Acamea Deadwiler
Dec 10, 2018 · 2 min read

A necessary struggle.

Photo by Karim MANJRA on Unsplash

We struggle to forgive because it’s difficult to accept events that have taken place. We struggle to accept because we don’t understand. How could they? We need a reason for why someone did something we never thought they’d do. We want an explanation for them hurting us. Though even if obliged, no reason is ever good enough.

Mostly, we struggle to forgive because we associate doing so with saying, “it’s OK.”

We often feel as though forgiving someone is letting them off of the hook. We’re confused, angry and wounded. We want the offender to feel bad for making us feel worse. If we forgive them, they may feel better. So, we don’t.

How long will you punish yourself for what they did to you?

When we think of it this way it sounds silly — that we’d punish ourselves for the sins committed against us by another. But that’s exactly what we’re doing when we struggle to forgive. We’re not only holding on to pain, but adding to it.

Every time we refuse to let someone into our hearts because space is being occupied by this unresolved issue, we’re punishing ourselves. Every wall we build, every pleasure we deny ourselves, every crippling thought we think and any influence we allow past wrongs to have over our lives is self-inflicted punishment.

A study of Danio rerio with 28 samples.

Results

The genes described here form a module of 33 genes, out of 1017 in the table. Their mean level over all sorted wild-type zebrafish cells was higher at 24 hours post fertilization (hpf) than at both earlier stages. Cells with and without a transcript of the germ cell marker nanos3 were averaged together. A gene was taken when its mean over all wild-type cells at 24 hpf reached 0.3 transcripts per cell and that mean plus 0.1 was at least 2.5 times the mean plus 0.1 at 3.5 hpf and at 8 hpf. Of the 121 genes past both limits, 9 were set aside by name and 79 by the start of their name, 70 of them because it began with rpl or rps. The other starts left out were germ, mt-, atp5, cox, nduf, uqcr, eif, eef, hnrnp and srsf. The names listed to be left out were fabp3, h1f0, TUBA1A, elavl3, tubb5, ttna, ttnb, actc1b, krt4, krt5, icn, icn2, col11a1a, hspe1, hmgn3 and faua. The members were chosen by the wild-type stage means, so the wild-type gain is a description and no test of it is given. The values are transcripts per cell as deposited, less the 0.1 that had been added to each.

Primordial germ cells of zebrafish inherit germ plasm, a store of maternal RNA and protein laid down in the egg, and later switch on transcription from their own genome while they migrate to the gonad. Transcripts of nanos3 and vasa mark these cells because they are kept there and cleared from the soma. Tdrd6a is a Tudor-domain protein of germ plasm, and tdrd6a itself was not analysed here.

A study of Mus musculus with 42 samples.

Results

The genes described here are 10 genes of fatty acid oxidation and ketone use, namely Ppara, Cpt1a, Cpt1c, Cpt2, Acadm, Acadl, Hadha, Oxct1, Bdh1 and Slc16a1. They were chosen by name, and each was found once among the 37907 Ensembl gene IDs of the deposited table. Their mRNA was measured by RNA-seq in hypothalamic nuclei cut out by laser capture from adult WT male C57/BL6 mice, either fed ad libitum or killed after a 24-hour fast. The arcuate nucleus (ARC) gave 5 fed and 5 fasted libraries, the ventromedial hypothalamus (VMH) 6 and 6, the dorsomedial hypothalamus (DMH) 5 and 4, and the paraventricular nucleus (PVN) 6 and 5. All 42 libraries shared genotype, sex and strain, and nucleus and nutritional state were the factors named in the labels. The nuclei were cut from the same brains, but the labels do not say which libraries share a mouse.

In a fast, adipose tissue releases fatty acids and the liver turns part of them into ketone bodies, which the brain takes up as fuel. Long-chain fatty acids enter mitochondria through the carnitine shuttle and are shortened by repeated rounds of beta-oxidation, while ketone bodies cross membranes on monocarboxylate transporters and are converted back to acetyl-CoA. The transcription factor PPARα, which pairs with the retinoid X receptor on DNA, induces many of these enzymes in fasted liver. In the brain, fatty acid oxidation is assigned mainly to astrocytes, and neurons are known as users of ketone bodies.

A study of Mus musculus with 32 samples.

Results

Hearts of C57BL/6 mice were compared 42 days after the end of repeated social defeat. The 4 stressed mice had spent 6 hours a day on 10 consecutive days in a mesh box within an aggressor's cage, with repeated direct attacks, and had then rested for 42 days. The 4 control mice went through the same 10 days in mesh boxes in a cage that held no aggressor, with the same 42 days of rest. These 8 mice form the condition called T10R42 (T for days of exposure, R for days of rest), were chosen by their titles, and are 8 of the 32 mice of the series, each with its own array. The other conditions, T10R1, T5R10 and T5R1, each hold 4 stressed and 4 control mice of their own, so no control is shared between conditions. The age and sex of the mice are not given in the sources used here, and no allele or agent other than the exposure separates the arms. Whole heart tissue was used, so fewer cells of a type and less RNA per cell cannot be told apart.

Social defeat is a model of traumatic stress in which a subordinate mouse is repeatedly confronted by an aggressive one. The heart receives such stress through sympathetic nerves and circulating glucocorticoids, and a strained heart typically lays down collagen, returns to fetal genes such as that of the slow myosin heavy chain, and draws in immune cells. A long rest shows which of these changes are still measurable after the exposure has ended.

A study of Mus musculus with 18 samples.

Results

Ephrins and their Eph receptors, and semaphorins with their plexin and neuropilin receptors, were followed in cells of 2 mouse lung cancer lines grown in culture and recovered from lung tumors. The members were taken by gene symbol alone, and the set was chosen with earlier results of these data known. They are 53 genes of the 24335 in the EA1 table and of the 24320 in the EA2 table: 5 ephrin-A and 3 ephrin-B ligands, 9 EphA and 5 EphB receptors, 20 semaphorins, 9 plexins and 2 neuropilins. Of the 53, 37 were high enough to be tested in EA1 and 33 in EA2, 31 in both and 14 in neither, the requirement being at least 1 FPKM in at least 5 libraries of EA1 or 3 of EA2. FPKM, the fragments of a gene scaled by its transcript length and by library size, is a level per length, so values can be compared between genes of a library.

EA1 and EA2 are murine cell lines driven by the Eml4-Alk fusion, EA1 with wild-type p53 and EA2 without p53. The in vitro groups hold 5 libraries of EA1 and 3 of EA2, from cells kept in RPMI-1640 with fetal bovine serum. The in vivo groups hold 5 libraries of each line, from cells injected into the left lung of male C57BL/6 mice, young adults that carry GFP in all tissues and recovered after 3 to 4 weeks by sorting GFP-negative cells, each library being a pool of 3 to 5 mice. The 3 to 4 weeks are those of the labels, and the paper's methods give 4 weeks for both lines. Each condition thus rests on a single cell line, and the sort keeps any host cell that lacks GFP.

Unforgiveness is a heavy burden to bear. It makes us spiteful and cold. Letting others live with what they’ve done has to be enough. Because our efforts to chastise them, or our inability to move forward only brings us additional, unnecessary suffering.

We have to learn to forgive, even when the person doesn’t deserve it — because we deserve it. We deserve to be free. Maybe they don’t feel bad about what they’ve done. Perhaps they don’t even believe they did anything wrong. Forgive them anyway. It doesn’t mean the person has to remain in your life. In fact, if they don’t feel bad about hurting you they probably shouldn’t. But don’t do them the favor of causing yourself more agony.

Forgiveness is always more for us than them. ALWAYS. It doesn’t say, “what you did was ok.” It says:

I’m releasing myself from the harmful effects of holding on to what you have done.

So, how long will you punish yourself for what they did to you?

Acamea Deadwiler

Written by

Acamea Deadwiler is the author of the self-help book Life, Love and the Pursuit Of — https://amzn.to/2NLZhnS, as well as a former Top 100 Contributor for Yahoo!